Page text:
A Banana Boat is Floating Down the Danube: Marharyta Bolhar’s Naïve Art
Ukrainian artist from the village of Velyki Kopani in the Kherson region. Elementary school teacher by training.
— My father Mykola Liliak worked as an artist for some time. He encouraged me to draw since I was a kid too. Throughout the schoolyears, first mine and then my daughter’s, I was always drawing or painting something for the school. I decorated my house with paintings too. So despite all kinds of obstacles, art remained with me always. At some point, it became an inseparable part of my thoughts, my days, and my goals.
For several years, I gained experience from the futuristic projects of Olena Afanasyeva, curator and director of the Totem cultural development center in Kherson. It was Afanasyeva who resuscitated my inspiration to create art and helped me believe in myself as an artist.
I can’t say I have any idols: after all, how can I only like a certain chosen few in the endless gallery of this big world? But I do sometimes get hung up on this or that artist. Say, Picasso grabbed me with his innovative approach: that’s what I wanted to do myself in the 2D series. I feel a connection with the artists who walked difficult paths: Kateryna Bilokur, Pelageya Rayko, Niko Pirosmani. It’s as if I could feel their pain and love for art. Last year, when I was in a museum in Kyiv, I got interested in Kostiantyn Trutovskyi.
I feel a connection with the artists who walked difficult paths.
I think there’s plenty of room for new talent in the Ukrainian naïve art. Although no matter what they say my status is, as an artist, my foremost goal is to represent my homeland and country.
Since 2014, I have strived to bear testimony to life. After all, I am living in the very heart of historical events. And since 24, I’ve been feeling as if someone put a helmet of nightmares on my head. To not go mad, I’ve found a cleansing ritual for myself: it’s a series called ZpS, which is reminiscent of the agony of despair.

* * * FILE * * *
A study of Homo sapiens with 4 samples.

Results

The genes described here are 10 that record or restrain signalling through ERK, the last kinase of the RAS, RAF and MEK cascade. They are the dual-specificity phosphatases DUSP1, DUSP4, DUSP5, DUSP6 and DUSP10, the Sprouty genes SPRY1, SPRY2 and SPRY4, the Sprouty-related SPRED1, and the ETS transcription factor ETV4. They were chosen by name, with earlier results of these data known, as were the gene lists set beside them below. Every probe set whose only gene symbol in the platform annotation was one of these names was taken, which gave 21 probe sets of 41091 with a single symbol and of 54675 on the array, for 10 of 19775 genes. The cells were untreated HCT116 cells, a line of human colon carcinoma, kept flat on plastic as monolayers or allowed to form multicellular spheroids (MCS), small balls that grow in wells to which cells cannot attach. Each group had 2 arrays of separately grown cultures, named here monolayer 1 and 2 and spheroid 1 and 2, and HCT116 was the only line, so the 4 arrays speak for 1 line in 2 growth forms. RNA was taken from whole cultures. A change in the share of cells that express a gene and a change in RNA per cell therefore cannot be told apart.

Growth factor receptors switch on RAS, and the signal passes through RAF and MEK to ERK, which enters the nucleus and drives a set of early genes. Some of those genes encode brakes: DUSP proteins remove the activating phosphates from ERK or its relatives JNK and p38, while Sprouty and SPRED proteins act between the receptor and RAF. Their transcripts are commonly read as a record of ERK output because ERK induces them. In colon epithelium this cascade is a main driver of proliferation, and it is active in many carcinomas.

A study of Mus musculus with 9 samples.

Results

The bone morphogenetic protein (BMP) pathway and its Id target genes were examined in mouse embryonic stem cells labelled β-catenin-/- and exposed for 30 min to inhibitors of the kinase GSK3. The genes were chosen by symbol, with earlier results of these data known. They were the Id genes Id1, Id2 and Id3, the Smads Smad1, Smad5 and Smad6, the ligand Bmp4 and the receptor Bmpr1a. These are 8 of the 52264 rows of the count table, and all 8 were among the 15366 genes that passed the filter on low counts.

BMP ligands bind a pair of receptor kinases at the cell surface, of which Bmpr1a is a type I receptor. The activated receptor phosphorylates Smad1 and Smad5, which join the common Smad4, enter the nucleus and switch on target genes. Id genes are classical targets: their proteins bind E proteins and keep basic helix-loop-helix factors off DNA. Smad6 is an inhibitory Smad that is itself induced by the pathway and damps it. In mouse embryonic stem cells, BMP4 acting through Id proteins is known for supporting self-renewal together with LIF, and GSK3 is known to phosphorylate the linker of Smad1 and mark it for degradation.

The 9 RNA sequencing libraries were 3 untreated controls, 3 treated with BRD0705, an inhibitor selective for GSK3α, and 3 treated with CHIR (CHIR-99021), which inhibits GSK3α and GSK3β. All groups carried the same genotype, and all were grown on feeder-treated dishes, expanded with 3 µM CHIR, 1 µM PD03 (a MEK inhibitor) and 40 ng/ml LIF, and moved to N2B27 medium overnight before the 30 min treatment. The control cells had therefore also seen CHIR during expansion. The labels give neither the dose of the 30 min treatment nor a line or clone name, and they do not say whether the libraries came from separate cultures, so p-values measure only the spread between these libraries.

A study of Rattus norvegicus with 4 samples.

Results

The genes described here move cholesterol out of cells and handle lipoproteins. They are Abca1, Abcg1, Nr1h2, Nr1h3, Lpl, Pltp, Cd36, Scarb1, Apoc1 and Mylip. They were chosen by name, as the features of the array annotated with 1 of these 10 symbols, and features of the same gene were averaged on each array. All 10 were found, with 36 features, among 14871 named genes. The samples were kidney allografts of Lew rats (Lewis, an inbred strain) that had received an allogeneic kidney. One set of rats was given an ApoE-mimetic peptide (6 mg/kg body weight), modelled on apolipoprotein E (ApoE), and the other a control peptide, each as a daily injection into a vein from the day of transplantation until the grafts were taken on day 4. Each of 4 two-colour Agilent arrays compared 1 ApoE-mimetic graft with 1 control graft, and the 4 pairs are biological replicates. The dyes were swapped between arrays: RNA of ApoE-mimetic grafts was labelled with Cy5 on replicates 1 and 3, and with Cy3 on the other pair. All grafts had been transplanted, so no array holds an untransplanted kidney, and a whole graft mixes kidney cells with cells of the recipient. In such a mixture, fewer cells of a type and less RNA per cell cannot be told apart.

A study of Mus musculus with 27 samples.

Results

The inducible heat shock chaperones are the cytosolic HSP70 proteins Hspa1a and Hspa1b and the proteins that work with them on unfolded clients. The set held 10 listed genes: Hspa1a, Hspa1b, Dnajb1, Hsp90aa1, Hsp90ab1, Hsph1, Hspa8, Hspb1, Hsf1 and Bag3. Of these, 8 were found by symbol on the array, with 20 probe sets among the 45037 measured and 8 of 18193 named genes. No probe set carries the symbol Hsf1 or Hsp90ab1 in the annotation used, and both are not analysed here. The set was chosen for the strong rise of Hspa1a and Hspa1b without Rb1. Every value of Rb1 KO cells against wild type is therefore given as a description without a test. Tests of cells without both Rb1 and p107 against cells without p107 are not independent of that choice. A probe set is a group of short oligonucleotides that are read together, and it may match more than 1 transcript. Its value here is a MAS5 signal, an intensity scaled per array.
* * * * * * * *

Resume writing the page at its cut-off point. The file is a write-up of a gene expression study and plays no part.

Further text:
I don’t paint to relieve stress now. My work is usually thought-out and thoroughly considered. Because time is sparse, I am very pedantic about how I choose ideas and bring them to life. I am prone to self-criticism, but it’s not self-chastising. Painting is my way to communicate with the world, and I am glad when it’s mutual. I want to listen to myself in the future, but external motivation is a very efficient driving force. And by that I mean the perception of myself as an intrinsic part of cultural space.
I don’t paint to relieve stress now. My work is usually thought-out and thoroughly considered.
In my opinion, our nation’s ‘cultural code’ includes its language, literature, music, and art throughout its existence, architecture, religion, Ukrainian folklore, and so on. All these things show who we are and why the world needs us.
Every country has its own ethnic groups, each with its own customs, beliefs, and language peculiarities formed over centuries. But I think this only enriches this ‘cultural code’ and signifies our liberalism and intellectual growth of the nation. We should accept that all of us are different and have the right to be different. But it’s culture’s role to unite us all and bring peace. Culture is crucial for state-building, and that is why it needs to be protected, respected, and funded.
It’s culture’s role to unite us all and bring peace. Culture is crucial for state-building.